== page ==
Welcome to the first article in our five-part Spotlight Series on one of the most exciting frontiers of scientific research and innovation, regenerative medicine.
Throughout this series, we will find out more about what regenerative medicine encompasses, its historical origins, recent advances in the lab and the clinic, the current standard of care, and look over the horizon to what the future holds for the sector.
What is regenerative medicine?
Regenerative medicine refers to the field of study harnessing the body’s innate ability to repair, restore or establish normal function due to damage or impairment, whether through birth, disease, trauma or aging. The appeal of regenerative medicine lies in the potential to utilise normal repair mechanisms within our body to restore function to a damaged organ, or to treat previously incurable diseases such as cancer.
“Regenerative medicine is the process of creating living, functional tissues to repair or replace tissue or organ function lost due to age, disease, damage, or congenital defects. This field holds the promise of regenerating damaged tissues and organs in the body by stimulating previously irreparable organs to heal themselves. Regenerative medicine also empowers scientists to grow tissues and organs in the laboratory and safely implant them when the body cannot heal itself.”
The National Institutes of Health (NIH) in 2006
Stem cell therapies are the most well-known arm of regenerative medicine, however the field also includes other cell therapies (such as CAR T cell therapies), genetic therapies, nanotechnology and biomedical engineering, and reprogramming of cells and tissue.
Experts in the field come from a plethora of backgrounds and expertise. Biomedical engineers and computer scientists might come together on how to generate 3D-printed biologically compatible scaffolds to be implanted into a site of injury, in order to promote formation of new tissue and cell regeneration. Clinicians and stem cell scientists could collaborate on an autologous stem cell therapy, from isolating appropriate adult stem cells from an individual, treating or activating the stem cells in the laboratory and re-injecting the stem cells to the same individual at a site of injury to repair damage. Developmental biologists are working on how to reprogram embryonic stem cells to grow tissues and organs in the lab, and provide an avenue for thousands of people waiting on an organ transplant list.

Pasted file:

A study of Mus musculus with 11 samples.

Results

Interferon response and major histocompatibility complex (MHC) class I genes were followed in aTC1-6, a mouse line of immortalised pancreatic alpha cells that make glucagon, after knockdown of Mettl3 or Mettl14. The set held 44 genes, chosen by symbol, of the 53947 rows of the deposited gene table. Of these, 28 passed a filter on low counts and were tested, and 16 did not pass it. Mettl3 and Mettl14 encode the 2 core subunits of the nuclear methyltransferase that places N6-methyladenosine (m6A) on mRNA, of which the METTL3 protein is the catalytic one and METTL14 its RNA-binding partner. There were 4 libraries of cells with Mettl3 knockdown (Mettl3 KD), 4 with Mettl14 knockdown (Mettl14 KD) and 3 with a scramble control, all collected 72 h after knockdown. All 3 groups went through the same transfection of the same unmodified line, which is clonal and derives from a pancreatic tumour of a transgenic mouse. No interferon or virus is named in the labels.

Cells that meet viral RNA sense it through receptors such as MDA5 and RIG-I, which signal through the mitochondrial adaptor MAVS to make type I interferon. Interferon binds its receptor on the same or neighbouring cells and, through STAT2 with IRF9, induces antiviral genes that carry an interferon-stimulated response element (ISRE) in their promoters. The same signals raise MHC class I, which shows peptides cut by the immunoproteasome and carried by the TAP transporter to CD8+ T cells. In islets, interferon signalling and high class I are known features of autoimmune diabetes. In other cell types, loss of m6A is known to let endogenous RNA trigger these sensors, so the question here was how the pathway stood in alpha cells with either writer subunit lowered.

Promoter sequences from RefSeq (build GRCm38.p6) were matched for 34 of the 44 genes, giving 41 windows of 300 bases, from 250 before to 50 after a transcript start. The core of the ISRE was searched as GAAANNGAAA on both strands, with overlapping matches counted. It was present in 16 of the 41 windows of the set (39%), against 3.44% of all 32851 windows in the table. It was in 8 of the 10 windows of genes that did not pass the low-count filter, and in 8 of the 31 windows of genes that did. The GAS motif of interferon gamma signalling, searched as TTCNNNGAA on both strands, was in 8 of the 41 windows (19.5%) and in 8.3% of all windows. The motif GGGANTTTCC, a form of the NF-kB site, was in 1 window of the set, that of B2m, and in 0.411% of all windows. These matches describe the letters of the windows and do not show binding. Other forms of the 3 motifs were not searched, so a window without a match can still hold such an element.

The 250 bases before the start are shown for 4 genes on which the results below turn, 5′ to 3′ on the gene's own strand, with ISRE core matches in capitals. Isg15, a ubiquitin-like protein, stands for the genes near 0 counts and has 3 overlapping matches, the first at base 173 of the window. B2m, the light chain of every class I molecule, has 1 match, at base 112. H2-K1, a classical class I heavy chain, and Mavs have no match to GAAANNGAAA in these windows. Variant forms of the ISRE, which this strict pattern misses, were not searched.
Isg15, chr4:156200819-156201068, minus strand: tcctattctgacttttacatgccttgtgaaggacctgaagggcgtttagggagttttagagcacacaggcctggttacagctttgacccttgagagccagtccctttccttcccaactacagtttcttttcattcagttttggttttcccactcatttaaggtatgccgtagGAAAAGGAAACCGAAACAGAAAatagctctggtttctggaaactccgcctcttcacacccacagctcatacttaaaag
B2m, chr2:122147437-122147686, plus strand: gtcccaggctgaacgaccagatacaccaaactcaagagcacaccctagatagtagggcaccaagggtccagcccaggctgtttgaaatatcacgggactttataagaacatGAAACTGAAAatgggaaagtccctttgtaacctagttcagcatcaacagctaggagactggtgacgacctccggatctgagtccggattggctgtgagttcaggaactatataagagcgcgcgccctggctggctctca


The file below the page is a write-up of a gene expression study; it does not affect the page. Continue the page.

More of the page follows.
The future is bright
Regenerative medicine has truly come to the forefront in the last decade. Perhaps the superstar of the sector is chimeric antigen receptor (CAR) T-cell therapy, including Kymriah ® for treating leukemia (by Novartis) and Yescarta ® for treating lymphoma (by Gilead Sciences), both of which received FDA Approval in the U.S.A. in 2017. CAR T-cell therapies isolate T cells (a type of immune cell) from a patient suffering from cancer, genetically edit these T cells in the lab so that the T cells express a CAR, and transplant the edited CAR T-cells back into the patient. The T cells now express CARs, which are cell surface receptors that target cancer cells, thereby bringing the CAR-T cell into contact with the cancer cells so that the CAR-T cells can kill the cancer cells. CAR-T cell therapies have taken the biotechnology industry by storm, resulting in a number of large mergers and acquisitions of regenerative medicine companies, and an increasingly competitive and dense patent landscape.
On the other hand, relatively established cell therapies such as bone marrow transplantation have matured and is expected to be a US$15 billion market by 2027. The surge is thought to be driven by the growing prevalence of cancer and anemia patients, who have compromised bone marrow and require transplanted stem cells to repair and replace the injured cells.
The regenerative medicine sector globally is projected to develop into a US$120 billion market by 2035 (UK Cell and Gene Therapy Catapult, AusBiotech 2018 report). A recent draft strategic roadmap released by a consortium of leading companies in the regenerative medicine landscape in Australia suggests that proper investment and development of our manufacturing capabilities would translate to at least AUD$6 billion in revenue and 6,000 new jobs for Australia in the same timeframe.
Australia remains one of the leaders in basic research for the regenerative medicine sector, ranking 10th in the world for publications (2nd when adjusted on a per capita basis). Proper buy-in and investment from industry and the government at this key turning point would lead to a significant boost to the Australian regenerative medicine ecosystem, as well as early access to ground-breaking therapies for patients.
In the next part of the series, we discuss the historical origins of regenerative medicine.